Light & Darkness, And All That They Signify In Genesis A & B

(Group 6)

Reading Genesis A and B in light of the conversation we had on Tuesday, we were quite interested in the idea of Angel’s being fallible and capable of evil, and the way that the text uses light and dark so heavily to contrast good vs. bad, life vs death, and God’s sight vs what is not being seen.

Particularly because angels are often conceived of as being more god-like (if not fully deities) than humans and therefore infallible, lines 47-64 can be particularly jarring in their description of angels as “foolish and wicked” (line 51). In line 59, as the description of God stripping the angels of their power, status, and physical location in heaven continues, we  see the description of the angels glory as “bright”, a characterization that seems to be purposely juxtaposed with the following paragraph in which hell is called “dark tribulation” (line 73). Skipping a few lines in order to highlight an interesting parallel between the text’s description of the angels and their unexpected fallibility, I want to highlight lines 176-191; Just as the angels had been described as falling from light to dark, and just as angels are sometimes though to to be incapable of sin or mutiny against God, Eve is here called an angel. At this point I had already begun to consider that this might be a foreshadowing for Adam and Eve’s betrayal of God and subsequent fall from grace, and the following lines seemed to confirm this by noting that Adam & Eve, as the angels, were “brightly beautiful” (line 188), and that the pair had no ability to accomplish evil acts, but having seen the similarities between the descriptions of Adam & Eve and the angels, it is plausible to assume that the logical conclusion to this story will be an exile from the light and an entrance into the dark.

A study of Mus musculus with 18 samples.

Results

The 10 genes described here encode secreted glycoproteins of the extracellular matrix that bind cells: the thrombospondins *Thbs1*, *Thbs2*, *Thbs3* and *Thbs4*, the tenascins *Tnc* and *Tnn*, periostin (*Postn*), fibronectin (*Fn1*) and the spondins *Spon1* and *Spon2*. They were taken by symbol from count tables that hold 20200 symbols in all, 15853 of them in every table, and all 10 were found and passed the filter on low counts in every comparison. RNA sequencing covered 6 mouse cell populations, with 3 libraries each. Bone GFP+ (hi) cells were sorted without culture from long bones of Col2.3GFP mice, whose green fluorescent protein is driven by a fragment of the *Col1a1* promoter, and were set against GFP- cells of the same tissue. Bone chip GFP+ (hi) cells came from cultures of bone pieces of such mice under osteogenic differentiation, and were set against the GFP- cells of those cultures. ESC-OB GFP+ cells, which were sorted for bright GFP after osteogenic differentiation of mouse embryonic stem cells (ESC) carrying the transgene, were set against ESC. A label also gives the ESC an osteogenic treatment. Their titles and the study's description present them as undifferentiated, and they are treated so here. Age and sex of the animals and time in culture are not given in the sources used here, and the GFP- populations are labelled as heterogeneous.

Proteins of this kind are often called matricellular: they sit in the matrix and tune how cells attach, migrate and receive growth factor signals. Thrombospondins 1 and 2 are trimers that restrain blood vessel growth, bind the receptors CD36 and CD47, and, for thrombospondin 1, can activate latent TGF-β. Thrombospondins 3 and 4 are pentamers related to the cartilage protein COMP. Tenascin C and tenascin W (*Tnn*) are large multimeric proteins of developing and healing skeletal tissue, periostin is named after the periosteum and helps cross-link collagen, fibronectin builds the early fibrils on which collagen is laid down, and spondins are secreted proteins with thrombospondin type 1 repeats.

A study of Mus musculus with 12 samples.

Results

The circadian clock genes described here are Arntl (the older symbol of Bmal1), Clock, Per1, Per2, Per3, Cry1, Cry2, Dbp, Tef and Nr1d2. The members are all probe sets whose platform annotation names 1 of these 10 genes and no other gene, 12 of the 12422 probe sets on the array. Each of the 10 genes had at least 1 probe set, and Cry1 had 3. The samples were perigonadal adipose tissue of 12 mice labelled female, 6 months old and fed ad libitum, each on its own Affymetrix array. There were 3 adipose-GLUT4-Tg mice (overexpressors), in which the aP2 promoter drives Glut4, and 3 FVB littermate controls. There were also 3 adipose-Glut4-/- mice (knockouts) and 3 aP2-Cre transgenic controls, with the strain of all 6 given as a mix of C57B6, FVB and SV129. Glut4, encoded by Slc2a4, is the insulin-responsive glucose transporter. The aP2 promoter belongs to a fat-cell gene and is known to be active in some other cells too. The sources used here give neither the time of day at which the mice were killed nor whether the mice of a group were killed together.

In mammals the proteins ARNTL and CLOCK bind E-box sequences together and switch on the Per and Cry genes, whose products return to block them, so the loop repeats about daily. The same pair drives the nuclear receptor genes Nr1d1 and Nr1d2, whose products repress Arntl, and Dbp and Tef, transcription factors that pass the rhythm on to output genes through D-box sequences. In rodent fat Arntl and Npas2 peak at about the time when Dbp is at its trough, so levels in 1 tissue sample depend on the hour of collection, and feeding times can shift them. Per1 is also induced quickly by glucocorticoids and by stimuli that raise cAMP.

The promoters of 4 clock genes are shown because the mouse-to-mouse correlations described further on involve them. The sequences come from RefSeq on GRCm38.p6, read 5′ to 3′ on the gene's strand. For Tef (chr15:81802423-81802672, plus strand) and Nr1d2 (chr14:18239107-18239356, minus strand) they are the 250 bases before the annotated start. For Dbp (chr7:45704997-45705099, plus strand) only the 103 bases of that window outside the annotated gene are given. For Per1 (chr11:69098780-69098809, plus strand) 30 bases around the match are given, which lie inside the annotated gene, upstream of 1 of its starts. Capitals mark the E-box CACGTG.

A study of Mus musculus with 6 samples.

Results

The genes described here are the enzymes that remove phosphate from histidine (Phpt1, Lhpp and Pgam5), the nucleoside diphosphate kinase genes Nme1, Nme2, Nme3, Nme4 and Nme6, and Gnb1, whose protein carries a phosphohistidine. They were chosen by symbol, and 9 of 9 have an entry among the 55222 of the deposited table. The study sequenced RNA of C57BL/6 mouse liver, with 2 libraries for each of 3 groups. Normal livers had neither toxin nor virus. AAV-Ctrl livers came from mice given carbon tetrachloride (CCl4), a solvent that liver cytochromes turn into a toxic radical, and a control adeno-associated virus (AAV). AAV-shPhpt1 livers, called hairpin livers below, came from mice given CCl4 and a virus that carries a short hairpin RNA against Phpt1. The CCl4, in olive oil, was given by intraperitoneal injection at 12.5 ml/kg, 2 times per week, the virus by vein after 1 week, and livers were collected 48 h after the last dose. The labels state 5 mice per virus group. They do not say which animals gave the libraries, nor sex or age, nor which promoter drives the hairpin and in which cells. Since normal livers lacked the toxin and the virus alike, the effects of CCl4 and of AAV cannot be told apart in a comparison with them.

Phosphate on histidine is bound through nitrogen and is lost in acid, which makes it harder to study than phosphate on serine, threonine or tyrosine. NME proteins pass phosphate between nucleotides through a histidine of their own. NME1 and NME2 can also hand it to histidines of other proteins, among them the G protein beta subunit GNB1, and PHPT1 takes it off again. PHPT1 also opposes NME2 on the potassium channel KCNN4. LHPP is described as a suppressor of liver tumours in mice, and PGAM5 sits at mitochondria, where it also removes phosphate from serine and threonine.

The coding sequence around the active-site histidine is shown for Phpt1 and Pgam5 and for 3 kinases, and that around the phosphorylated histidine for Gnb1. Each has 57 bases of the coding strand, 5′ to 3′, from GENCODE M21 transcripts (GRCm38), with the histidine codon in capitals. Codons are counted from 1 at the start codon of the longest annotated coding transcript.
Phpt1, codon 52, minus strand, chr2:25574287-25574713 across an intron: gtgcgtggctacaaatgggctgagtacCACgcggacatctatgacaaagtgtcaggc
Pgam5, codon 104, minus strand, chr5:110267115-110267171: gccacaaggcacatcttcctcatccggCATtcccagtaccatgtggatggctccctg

Concerning the ubiquitous, almost overwhelming use of light and dark to signify multiple things throughout this text, I was particularly drawn to a passage that extended the meaning of darkness to also signify the simple lack of God’s attention, either meaning simply that darkness can signify the absence of God, or quite possibly that darkness can signify the absence of God and therefore the presence of evil. Lines 103-116a begin to tell of the creation of earth, or rather the unveiling of it from darkness; as God fixes his gaze onto the earth, the text says that he sees the earth, “the dark blackness hovering in perpetual night” (line 110), and as God begins to survey earth he is “borne over the waters with mighty speed” (lines 120-121) and as this happens, light begins to flood the earth. An open-ended question, then, would be: If light and dark represent good and evil, but in other contexts denote where God’s vision is or is not directed, is the absence of God’s gaze/vision inherently indicative of evil?